The scoop: Belkin NetCam HD Wi-Fi with Night Vision, about $130, by Belkin
What is it? This IP-based network camera provides homeowners with a convenient way to monitor remote surroundings from within the home or across the Internet. The latest version records in 720p resolution (1280 by 720), and includes a free app (iOS or Android) that lets you monitor your camera via a smartphone or tablet. The camera connects to your home Wi-Fi network (2.4GHz, not 5GHz) to allow across-the-Internet viewing.
Why it's cool: Setup was quite simple compared with previous network camera models I've tried out I set up the entire camera via my iPhone and the app rather than needing a connected PC or Mac. The unit comes with its own Wi-Fi network for initial setup once the app connects to it you can change the device's Wi-Fi to connect to your own home network. Because the unit is Wi-Fi, you only need to place the camera near a power outlet.
The picture quality at the 720p resolution is good, although you will likely get a lower frames-per-second rate at the higher resolution. Fortunately, you can downgrade the resolution to 640x480 or 320x240 if you want to increase the frame rate. The unit also has a motion-detection system that can email you when it detects movement within the camera (the system has sensitivity settings), and the night vision component lets you see things when it gets dark. You can share your camera views with other friends (you send them email invites and they can login to your camera), or add cameras to your account for multi-camera monitoring.
Some caveats: I would have preferred an option for a text message alert rather than email for the motion detection especially if you want to see immediately something happening (like in a security monitoring situation). While you can live record from the mobile device, it doesn't appear that a motion-detection event triggers a recording so a more immediate alert (users are likely to check their phones when it's a text message vs. an email) would be handier. The alerts I received contained two JPG photos of the motion event, which may or may not be useful in a security situation. I was also a bit disappointed in the night vision aspect trying to record the darkness outside from the camera through a window got me a white flash of the window's reflection. In order to see a good night vision image, you'd have to either view the indoor darkness, or move the camera outside filming through a window, while OK for daytime events, doesn't work on the night vision side.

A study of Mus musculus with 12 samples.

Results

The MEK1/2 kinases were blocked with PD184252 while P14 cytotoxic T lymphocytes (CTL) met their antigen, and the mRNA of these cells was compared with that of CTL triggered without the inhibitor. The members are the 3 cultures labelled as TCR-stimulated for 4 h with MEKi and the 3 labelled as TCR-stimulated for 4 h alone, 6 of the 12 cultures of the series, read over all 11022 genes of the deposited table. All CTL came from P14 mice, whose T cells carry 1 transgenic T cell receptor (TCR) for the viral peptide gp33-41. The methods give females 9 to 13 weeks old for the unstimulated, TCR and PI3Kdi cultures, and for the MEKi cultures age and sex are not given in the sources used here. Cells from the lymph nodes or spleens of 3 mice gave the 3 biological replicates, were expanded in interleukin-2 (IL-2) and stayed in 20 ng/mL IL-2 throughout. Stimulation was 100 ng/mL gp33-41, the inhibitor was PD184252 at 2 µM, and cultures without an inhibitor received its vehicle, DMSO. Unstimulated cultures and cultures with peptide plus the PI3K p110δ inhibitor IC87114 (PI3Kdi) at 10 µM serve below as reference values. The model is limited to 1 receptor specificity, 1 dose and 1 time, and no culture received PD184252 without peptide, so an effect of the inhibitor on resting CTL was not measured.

Grade: 3 stars (out of five).
The scoop: USB 3.0 to DVI External Video Card Multi Monitor Adapter with 1-Port USB Hub, by Startech.com, about $98.
What is it? This small gadget lets you connect a DVI-equipped monitor to your USB 3.0-enabled computer, while also giving you an additional USB 3.0 port that you can use for things like a wireless mouse or storage device. StarTech.com also makes adapters that let you connect VGA and HDMI-enabled monitors with the additional USB port as well.
Why it's cool: Users with ultrabooks or other systems with limited USB ports available (we tried this on a system with only one USB port) can benefit from having the additional passthrough port. It lets you connect the ultrabook to an additional monitor to provide additional screen real estate while keeping the USB port available for something else. The unit also comes with a DVI-to-VGA adapter if you need to connect the gadget to a VGA display (or you could just buy the VGA version). The driver installation via Windows was straightforward, and everything worked as advertised. This solves a problem for ultrabook users looking to extend their screen to a secondary monitor via USB without having to lose the port for that function.
Some caveats: The price seems a bit high for an adapter of this type (check other sites for alternatives), but other than that I have no major complaints.
Grade: 4.5 stars
Shaw can be reached at email@example.com. Follow him on Twitter: @shawkeith.